Investments in bitcoin riskier than gambling, Russia’s economy minister warnsBusiness & Economy October 17, 16:02
Russian expert has misgivings about Amber Room discovery near DresdenSociety & Culture October 17, 15:58
Russia increases Glonass orbital grouping to 24 satellitesScience & Space October 17, 15:11
Hermitage Museum director says US decision to quit UNESCO will not affect its workSociety & Culture October 17, 15:08
Saakashvili shows up at Kiev rally to demand Poroshenko's resignationWorld October 17, 14:30
Netanyahu vows Israel will stop Iran’s aim for military base in SyriaWorld October 17, 13:52
Expert points to European Union's growing confusion over Kiev’s policyWorld October 17, 13:21
MC-21 aircraft makes first flight from Irkutsk to Zhukovsky airportBusiness & Economy October 17, 13:00
Press review: Putin could update foreign policy and Israel hits Syria amid Shoigu’s visitPress Review October 17, 13:00
RIGA, October 23 (Itar-Tass) - Latvian President Andris Berzins holds that the initiative for the collection of signatures for demolition of the Memorial to Soviet Liberators in the Latvian capital was made with a view to the parliamentary election in Latvia in the autumn of 2014 and is a pre-election gimmick.
“No one really aims for the memorial’s demolition. It is merely a gimmick with a view to the election and it will be used again and again,” Berzins told reporters after the weekly meeting with Latvian Prime Minister Valdis Dombrovskis on Wednesday.
The prime minister, in his turn, said it must be considered how this initiative goes together with the agreements concluded with Russia, under which Latvia must tend to memorials of the Second World War. “Another thing is if this initiative heightens tension in society still more. It is said that we must all exert efforts to rally society, but such initiatives work quite the other way. Certain political forces are out for confrontation,” Dombrovskis said.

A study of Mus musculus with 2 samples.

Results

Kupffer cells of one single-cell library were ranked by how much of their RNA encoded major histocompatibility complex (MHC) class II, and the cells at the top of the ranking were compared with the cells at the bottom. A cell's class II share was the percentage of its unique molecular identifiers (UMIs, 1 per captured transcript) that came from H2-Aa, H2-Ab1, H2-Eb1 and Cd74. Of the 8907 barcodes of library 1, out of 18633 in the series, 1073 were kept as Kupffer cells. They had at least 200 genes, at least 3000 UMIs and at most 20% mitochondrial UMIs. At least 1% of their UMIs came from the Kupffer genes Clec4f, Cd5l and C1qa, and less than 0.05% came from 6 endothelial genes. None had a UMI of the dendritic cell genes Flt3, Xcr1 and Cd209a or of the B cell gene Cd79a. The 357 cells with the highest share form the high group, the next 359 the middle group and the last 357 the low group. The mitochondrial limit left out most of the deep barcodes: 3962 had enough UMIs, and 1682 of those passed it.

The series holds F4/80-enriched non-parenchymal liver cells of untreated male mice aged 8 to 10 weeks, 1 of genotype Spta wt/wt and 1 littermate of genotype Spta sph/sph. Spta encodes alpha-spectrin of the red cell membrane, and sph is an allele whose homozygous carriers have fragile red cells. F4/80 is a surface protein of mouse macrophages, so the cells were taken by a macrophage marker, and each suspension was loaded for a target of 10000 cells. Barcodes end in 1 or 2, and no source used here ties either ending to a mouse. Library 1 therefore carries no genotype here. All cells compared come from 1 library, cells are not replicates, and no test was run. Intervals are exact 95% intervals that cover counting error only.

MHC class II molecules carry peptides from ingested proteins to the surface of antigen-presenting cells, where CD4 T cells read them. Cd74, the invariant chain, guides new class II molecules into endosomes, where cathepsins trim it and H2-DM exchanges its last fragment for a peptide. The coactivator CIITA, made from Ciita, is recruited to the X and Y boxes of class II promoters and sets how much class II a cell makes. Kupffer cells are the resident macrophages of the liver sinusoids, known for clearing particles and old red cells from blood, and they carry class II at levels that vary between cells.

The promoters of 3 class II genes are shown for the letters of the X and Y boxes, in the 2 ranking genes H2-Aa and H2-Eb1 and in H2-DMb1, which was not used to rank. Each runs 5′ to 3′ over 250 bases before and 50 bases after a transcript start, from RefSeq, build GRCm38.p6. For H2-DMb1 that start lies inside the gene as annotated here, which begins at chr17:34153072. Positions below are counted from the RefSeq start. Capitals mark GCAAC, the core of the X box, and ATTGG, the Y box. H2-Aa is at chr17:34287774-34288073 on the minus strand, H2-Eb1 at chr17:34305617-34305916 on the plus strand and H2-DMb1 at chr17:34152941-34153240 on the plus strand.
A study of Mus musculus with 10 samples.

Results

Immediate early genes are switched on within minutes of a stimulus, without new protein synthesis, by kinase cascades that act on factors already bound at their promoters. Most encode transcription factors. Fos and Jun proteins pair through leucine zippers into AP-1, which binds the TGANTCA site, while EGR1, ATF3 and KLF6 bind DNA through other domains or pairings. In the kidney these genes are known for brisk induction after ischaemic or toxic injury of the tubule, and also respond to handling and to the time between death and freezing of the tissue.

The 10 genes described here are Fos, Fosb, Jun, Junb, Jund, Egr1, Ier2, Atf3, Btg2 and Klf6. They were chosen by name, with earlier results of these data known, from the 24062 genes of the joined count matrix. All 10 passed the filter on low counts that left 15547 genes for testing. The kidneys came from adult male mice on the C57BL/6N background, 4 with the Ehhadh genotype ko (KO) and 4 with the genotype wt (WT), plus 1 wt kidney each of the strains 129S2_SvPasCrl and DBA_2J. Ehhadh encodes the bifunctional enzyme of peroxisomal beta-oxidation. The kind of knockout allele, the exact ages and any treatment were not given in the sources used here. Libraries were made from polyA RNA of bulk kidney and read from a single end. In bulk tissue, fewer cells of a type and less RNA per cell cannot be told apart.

Over 10,000 signatures for the demolition of the memorial to Soviet soldiers in Riga were collected on an internet portal in Latvia. If at least 10,000 signatures of adult Latvian citizens are collected in favour of an initiative, this is regarded as a collective statement and should be considered by the republic’s parliament Saeima under Latvian law.
This prompted the collection of signatures so that the memorial should remain intact. Over 5,000 people signed this call by now.
The Riga Memorial is the main memorial for the Russian-speaking community that makes up about 40 percent of Latvia’s population. Some 200,000 Latvian citizens gather at the memorial on May 9 every year to lay flowers at its basement and to congratulate war veterans. Local nationalists made calls more than once to dismantle the memorial built in the 1980s, but the parliamentarians objected to that. The monument was desecrated many times and an attempt to blow it up was made in 1997.